This is a different kind of metanode. I'm not going to have a lot of information about each mathematician, so it would be wasteful to have this in separate writeups. So instead I'm going to put all of the information here, at least until the writeup becomes too long. I do encourage people to do longer writeups at the proper nodes, so that this can function as the other kind of metanode.
There have been a number of famous mathematicians, especially in the 19.
and especially 20. centuries, from Poland or of Polish descent. Here are a few, with some information; I will fill in more information as I get time. If you have any additions to the list, please /msg me.
- Stefan Banach.
- Kazimierz Kuratowski. 1896--1980. Studied engineering at the University of Glasgow until the end of World War I; then mathematics at the University of Warsaw, under Janiszewski and Mazukiewicz. Professor at the Technical University of Lvov, then the Univerisity of Warsaw. During World War II, when Polish mathematicians were forced underground by the Nazis, he taught at the Underground University of Warsaw. After the war, he was a leader of the reconstruction of Polish academics, and became professor again at the University of Warsaw. Worked on set theory and topology; also known for his theorem on the form of planar graphs.
- Andrzej Mostowski. 1913--1975. Studied under Tarski and Kuratowski. Taught at the Underground Warsaw University and lost some of his research escaping the Nazis. Professor at Warsaw University. Wrote on recursion theory, undecidability, logic, and model theory.
- Wacław Sierpinski
- Alfred Tarski. 1902--1983. Studied under Lesniewski. Tarski was a Polish Jew (born Alfred Teitelbaum), and emigrated to the U.S. in 1939 for obvious reasons. Professor at a number of universities, primarily University of California at Berkeley. Known for the Tarski-Banach paradox, etc.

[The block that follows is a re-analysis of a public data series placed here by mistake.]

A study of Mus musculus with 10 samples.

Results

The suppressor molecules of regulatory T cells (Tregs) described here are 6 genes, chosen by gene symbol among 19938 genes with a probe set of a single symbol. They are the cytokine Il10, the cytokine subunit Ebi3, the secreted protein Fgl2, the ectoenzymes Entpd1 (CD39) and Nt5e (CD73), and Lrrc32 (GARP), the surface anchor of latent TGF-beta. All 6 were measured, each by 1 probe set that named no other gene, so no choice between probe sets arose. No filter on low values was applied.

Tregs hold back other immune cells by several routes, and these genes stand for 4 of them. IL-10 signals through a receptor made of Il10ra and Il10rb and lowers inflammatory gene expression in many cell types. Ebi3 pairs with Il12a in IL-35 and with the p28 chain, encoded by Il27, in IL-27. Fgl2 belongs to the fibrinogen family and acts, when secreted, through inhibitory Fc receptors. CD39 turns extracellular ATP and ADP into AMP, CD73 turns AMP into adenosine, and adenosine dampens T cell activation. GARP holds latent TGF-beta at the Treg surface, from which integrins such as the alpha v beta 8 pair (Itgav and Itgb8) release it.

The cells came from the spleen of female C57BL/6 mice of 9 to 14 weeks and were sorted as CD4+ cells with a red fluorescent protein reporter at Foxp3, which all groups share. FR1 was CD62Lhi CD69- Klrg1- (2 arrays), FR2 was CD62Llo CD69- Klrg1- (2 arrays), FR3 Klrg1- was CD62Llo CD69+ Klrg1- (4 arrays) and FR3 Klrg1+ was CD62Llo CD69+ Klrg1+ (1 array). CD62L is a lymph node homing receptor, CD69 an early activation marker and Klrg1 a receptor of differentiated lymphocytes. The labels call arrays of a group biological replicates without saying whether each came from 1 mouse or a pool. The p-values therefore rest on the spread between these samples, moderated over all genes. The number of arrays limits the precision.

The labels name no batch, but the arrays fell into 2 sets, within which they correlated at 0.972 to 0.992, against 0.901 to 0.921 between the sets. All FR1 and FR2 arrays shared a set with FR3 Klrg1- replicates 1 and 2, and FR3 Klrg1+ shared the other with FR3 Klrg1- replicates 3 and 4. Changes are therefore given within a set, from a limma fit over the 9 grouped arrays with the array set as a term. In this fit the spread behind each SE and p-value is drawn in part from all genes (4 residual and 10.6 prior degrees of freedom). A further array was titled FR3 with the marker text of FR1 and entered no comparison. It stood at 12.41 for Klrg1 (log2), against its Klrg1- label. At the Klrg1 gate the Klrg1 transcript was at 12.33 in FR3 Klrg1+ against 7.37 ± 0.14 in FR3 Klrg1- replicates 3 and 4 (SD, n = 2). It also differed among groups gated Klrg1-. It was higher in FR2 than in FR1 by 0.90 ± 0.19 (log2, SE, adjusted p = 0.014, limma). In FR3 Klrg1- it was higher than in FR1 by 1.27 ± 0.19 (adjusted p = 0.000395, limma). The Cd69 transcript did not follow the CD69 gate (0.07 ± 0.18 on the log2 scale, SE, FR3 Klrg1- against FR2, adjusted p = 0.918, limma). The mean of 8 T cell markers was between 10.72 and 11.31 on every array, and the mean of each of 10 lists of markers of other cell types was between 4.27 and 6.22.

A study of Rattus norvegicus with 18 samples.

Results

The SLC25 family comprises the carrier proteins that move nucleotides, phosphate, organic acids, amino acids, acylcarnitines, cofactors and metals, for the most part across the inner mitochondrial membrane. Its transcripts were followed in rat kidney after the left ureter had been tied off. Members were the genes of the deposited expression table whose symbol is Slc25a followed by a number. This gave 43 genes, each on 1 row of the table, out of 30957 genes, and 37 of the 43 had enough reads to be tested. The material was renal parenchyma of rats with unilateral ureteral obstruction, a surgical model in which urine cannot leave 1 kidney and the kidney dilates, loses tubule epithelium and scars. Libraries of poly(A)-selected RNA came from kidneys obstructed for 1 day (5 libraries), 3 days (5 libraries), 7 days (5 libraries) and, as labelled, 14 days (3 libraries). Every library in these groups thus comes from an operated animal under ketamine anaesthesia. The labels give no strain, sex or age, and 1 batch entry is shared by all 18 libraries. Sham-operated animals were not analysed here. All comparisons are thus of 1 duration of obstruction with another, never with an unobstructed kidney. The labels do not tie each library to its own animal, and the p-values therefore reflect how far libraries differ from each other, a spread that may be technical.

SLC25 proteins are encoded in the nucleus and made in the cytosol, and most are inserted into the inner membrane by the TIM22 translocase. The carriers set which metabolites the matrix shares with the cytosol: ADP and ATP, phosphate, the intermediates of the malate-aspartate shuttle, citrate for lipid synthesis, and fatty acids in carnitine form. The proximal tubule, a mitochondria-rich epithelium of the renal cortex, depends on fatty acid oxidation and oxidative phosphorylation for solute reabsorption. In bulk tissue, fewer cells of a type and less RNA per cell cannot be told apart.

- Stanslaw Ułam. 1909--1984. Emigrated to the U.S. in 1935. Studied under Banach. Professor at University of Wisconsin, ]University of Southern California], and University of California. Also worked at Los Alamos National Laboratory, where he invented the Monte Carlo method of statistical simulation.
- Josef Maria Hoëné-Wronski (emigrated to France in 1800).
- Marian Rejewski
- Stanslaw Jaśkowski
- Stefan Mazurkiewicz
- Benoit Mandelbrot (emigrated to France in 1936, at age 12)
- Emil Post (emigrated to the U.S. in 1904, at age 7)
- Jan Łukasiewicz (emigrated to Belgium in 1944)
- Edward Marczewski
- Bronisław Knaster
The Warszawa and Lwów (now Lvov in the Ukraine) schools of mathematics were very active in the first half of the 20th century. Warsaw focused primarily on set theory, topology, and mathematical logic; Lwów focused on topology and functional analysis. Unfortunately, first the Nazis, then to a lesser extent Stalin, saw fit to heavily oppress academics in Poland. As a result, many mathematicians were forced underground; others fled to the U.S. and elsewhere (perhaps most famously Alfred Tarski, who went on to teach at Stanford). The mathematical community in Poland never fully recovered.
The computer science program of my alma mater, University of Kentucky, has a number of Polish mathematicians and computer science. My databases instructor (also my undergraduate advisor) studied under Mostowski. In addition, the department chair, my compilers professor, my logic and theory of CS professor, and my numerical methods professor were all from Poland---all this in a faculty of fewer than thirty now, and fewer than twenty when I began as a student in 1997. This, along with the composition of the list above, lead me to believe that Poland has not received the reputation it deserves as an intellectual center. This node is an attempt to do my part in correcting this oversight.
1 Most of the information in this writeup comes from http://www-gap.dcs.st-and.ac.uk/~history/Mathematicians/ , a site containing, among other things, many biographies of mathematicians.